I grew up in a Paradise, California, where we were the first and only Chinese family in the 1950’s. Our family is Hakka (translates to guest family in Chinese.) I didn’t understand what “Hakka” meant, in spite of my grandmother’s efforts to educate us in our Chinese history. I had more memories of what we ate than our Chinese lessons. It wasn’t until decades later, when I wrote "The Hakka Cookbook," did I understand my Hakka identity, history, and cuisine. The Hakka had a long unique history of migration and learned to adapt and survive where others failed. Eventually many Hakka, like my family, settled in southern China, living alongside the Cantonese so some of our dishes are similar. I grew up with these foods. When we smelled the pungent aroma of the moist steam wafting through the kitchen we knew Mom was cooking Black Bean Spareribs for dinner. In a deep pie pan, she coated chunks of meaty pork spareribs in a dark sauce of fermented black beans, garlic, and ginger. Then she steamed the dish on a rack in wok over boiling water, covered, until the meat was tender. We spooned the plentiful savory juices over bowls of hot rice. I think most Cantonese versions of this dish served at dim sum restaurants pale compared to this dark, earthy Hakka version. Shop at an Asian market for the fermented black beans and the spareribs, sawed in bite-sized pieces. Or if you like, substitute boned pork butt, cut in 1 inch chunks for the spareribs. For a shortcut, eliminate the black beans, garlic, and soy sauce and substitute 2 tablespoons purchased Chinese black bean garlic sauce.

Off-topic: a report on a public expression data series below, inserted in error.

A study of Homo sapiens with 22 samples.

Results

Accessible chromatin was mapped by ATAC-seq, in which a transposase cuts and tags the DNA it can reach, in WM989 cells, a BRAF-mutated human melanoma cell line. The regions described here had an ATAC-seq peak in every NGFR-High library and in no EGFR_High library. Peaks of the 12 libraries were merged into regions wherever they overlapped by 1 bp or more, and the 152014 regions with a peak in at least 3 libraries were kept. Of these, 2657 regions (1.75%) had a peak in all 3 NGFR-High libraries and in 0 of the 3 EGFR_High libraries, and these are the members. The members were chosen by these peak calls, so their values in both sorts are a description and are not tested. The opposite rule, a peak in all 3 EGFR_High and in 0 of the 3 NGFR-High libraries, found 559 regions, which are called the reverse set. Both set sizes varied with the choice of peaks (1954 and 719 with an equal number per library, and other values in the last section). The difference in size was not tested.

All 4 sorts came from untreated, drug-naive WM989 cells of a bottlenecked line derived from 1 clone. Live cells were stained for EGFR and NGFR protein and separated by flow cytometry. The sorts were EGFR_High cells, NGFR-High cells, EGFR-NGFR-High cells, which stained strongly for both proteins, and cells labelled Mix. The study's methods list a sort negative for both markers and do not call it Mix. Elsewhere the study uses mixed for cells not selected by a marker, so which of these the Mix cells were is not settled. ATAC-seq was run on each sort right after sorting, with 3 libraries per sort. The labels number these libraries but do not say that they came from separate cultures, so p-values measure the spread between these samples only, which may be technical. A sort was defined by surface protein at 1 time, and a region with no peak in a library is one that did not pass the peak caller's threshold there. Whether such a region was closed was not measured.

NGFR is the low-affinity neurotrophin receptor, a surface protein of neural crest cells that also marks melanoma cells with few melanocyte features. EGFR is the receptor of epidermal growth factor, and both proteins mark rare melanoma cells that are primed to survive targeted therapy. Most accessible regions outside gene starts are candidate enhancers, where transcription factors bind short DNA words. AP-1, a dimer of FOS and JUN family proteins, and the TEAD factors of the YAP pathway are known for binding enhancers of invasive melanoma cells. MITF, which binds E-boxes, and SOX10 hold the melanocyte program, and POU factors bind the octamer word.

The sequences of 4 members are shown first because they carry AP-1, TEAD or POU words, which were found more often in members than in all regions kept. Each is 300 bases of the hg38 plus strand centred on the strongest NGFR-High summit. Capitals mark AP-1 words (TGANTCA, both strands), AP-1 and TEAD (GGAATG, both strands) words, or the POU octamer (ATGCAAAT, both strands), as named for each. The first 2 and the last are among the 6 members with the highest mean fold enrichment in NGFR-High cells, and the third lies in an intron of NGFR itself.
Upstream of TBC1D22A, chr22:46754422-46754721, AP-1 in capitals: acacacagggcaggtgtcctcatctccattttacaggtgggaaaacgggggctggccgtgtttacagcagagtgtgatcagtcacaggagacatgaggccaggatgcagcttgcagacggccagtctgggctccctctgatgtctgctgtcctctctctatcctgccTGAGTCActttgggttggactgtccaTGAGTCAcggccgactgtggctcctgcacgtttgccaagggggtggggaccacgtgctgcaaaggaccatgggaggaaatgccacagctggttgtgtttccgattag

1. Trim off and discard any large pads of surface fat off the meat. Cut the ribs apart
between the bones. Place the pork in a rimmed dish that will fit in your steamer such as a
9-inch pyrex pie pan or shallow bowl.
2. In a small bowl, mix the black beans, ginger, garlic, soy sauce, wine, and cornstarch.
Add to the spareribs and mix to coat the meat.
3. Set the dish on a steaming rack or bamboo steaming basket over 2 to 4 inches boiling
water in a steamer base or deep pan (at least 1 inch wider than dish) or wok (if wok
bottom is round, place on a wok ring to stabilize). If steamer lid is metal, drape a piece of
foil over dish to reduce condensation dripping on food. Cover and steam over high heat
for 40 minutes. Turn ribs over and continue steaming until the meat is tender when
pierced, 15 to 20 minutes longer. Watch the water level, adding more boiling water as
needed. Turn off heat. Carefully remove dish from the steamer. Skim off and discard fat
from pan juices. Sprinkle with the green onions and serve.